The UK’s Office of National Statistics has revised upward its estimation of employment costs, following a discovery in their original data release on Friday (6 October).
The statistics office has revised upward unit labour costs – the cost of employment per person for businesses – from 1.6 per cent to 2. 4 per cent for the first half of 2017.
The revision upwards means that the UK economy is now under more inflationary pressure than previously believed, strengthening the case for the Bank of England to raise interest rates.
Speaking to The Times, Simon Ward, a UK economist at Janus Henderson who spotted the ONS’s error, pointed out that ‘domestic cost pressures are significantly stronger than the monetary policy committee assumed in the August Inflation Report,’ thereby ‘support[ing] the case for a November rate rise.’
Likewise, Jason Hollands of Tilney Bestinvest notes that the increase in labour unit costs ‘will likely further cement the case for a rate rise next month.’ Markets, however, he notes, have already priced in a November rate rise.
Despite the data change, others are not sure November’s rate rise will even happen. According to Darius McDermott, managing director at Chelsea Financial, while markets have reacted to Mark Carney’s most recent comments as indicating that a rate rise will materialise in November, Brexit related economic uncertainty may still result in rates remaining at their rock bottom levels.
Either way, McDermott noted, any rise is likely to be going back to the pre-Brexit emergency levels of 0.5 per cent. It is therefore unlikely there will an aggressive rise of rates anytime soon.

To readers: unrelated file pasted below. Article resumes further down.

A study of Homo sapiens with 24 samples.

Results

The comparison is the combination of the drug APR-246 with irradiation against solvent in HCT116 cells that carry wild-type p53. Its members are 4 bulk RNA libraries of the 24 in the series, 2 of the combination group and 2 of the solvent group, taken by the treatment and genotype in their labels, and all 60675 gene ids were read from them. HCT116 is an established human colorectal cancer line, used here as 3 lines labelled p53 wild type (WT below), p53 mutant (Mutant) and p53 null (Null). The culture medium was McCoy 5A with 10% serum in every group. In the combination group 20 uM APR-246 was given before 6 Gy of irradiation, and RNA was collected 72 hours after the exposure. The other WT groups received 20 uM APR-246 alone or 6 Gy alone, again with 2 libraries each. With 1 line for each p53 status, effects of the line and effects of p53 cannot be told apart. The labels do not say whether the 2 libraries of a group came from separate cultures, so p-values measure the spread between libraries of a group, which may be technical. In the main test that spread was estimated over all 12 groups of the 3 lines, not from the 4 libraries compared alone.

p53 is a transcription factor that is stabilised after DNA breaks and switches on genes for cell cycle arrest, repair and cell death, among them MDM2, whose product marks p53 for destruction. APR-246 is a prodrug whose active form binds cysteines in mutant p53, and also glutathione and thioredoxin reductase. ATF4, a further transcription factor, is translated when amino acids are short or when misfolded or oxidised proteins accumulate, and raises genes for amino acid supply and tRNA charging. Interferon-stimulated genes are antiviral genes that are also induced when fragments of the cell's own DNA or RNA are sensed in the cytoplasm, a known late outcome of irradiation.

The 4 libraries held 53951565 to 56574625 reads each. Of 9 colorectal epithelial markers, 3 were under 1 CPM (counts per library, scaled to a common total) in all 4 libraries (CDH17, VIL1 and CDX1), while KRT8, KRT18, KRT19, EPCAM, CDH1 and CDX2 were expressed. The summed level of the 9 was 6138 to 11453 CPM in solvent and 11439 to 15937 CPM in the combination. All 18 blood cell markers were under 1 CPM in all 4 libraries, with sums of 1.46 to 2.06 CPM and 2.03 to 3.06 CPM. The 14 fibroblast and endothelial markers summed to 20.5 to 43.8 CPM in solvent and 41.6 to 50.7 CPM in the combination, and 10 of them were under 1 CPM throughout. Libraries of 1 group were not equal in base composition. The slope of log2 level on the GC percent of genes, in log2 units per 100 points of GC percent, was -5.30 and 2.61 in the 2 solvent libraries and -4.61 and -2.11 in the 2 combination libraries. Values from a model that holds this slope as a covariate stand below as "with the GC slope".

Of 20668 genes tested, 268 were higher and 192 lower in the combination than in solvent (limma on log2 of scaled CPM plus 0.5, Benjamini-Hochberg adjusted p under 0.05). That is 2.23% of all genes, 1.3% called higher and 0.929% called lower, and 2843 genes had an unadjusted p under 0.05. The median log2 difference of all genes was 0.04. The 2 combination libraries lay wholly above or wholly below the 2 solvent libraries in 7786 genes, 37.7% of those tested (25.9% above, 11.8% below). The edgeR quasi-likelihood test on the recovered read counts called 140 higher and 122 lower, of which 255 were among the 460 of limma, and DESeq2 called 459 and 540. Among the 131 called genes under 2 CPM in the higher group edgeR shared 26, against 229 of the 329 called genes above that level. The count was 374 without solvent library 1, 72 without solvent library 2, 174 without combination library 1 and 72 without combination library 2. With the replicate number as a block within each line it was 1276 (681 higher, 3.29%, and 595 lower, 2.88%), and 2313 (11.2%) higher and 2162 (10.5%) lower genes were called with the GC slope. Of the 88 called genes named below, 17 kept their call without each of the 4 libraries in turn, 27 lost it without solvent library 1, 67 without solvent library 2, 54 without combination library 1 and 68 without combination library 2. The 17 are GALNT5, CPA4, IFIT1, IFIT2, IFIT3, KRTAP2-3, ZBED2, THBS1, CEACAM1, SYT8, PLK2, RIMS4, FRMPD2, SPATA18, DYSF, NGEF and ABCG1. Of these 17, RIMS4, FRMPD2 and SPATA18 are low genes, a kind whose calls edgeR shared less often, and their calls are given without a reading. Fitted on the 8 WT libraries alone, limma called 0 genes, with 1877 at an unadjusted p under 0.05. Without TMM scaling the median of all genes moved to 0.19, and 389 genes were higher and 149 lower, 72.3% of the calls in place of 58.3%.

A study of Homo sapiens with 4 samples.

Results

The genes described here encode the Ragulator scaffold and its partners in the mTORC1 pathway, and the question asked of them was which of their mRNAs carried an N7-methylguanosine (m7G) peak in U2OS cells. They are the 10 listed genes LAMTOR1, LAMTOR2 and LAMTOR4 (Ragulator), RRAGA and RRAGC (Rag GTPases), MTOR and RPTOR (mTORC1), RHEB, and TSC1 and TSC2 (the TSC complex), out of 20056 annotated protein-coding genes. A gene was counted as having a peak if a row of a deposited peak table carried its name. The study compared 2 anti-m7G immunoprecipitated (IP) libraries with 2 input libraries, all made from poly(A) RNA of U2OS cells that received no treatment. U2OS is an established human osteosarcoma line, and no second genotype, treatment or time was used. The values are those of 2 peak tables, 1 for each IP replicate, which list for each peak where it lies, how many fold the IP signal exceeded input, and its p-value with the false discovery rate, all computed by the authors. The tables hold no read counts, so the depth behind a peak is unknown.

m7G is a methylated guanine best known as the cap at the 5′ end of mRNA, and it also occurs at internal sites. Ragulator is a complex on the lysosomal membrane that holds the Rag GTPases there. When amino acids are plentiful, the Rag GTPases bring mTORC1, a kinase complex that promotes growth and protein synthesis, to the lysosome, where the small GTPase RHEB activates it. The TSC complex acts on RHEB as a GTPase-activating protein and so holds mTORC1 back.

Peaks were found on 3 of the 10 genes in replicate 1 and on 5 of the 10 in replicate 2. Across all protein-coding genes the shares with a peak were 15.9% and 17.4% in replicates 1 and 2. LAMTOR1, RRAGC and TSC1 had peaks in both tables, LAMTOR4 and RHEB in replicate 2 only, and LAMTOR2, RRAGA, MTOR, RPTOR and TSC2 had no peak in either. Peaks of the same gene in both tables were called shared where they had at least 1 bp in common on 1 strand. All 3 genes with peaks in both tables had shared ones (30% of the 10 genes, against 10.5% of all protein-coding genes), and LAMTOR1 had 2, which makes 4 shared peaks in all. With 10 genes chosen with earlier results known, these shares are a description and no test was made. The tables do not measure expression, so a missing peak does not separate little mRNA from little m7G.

Russ Mould, investment director of AJ Bell was also doubtful of a rise this November. ‘This change alone is unlikely to trigger a rate rise on 2 November, assuming one is coming,’ he says.
‘The vote against action at the last MPC meeting was 7-2 so it would represent a big shift to see a majority vote for a rate rise this time, despite all of the heavy hints dropped by Carney, and last week’s weak productivity numbers and mixed industrial sentiment surveys mean that a tightening of policy is not a certainty early next month’
It is worth pointing out that Carney does have track record of hinting that a rate rise is on the cards, only for it not to materialise. This has led some, including Ben Yearsley, director of Shore Financial Planning, to view Carney’s rhetoric with a healthy dose scepticism.
‘I almost feel that they have made their minds up about rate increase regardless of the raw data and whether there is inflationary pressure or not,’ says Yearsley.
‘They've spent years ignoring the data and moving the goalposts so why should now make any difference! They shouldn't have cut rates last year and the sooner they reverse it the better.’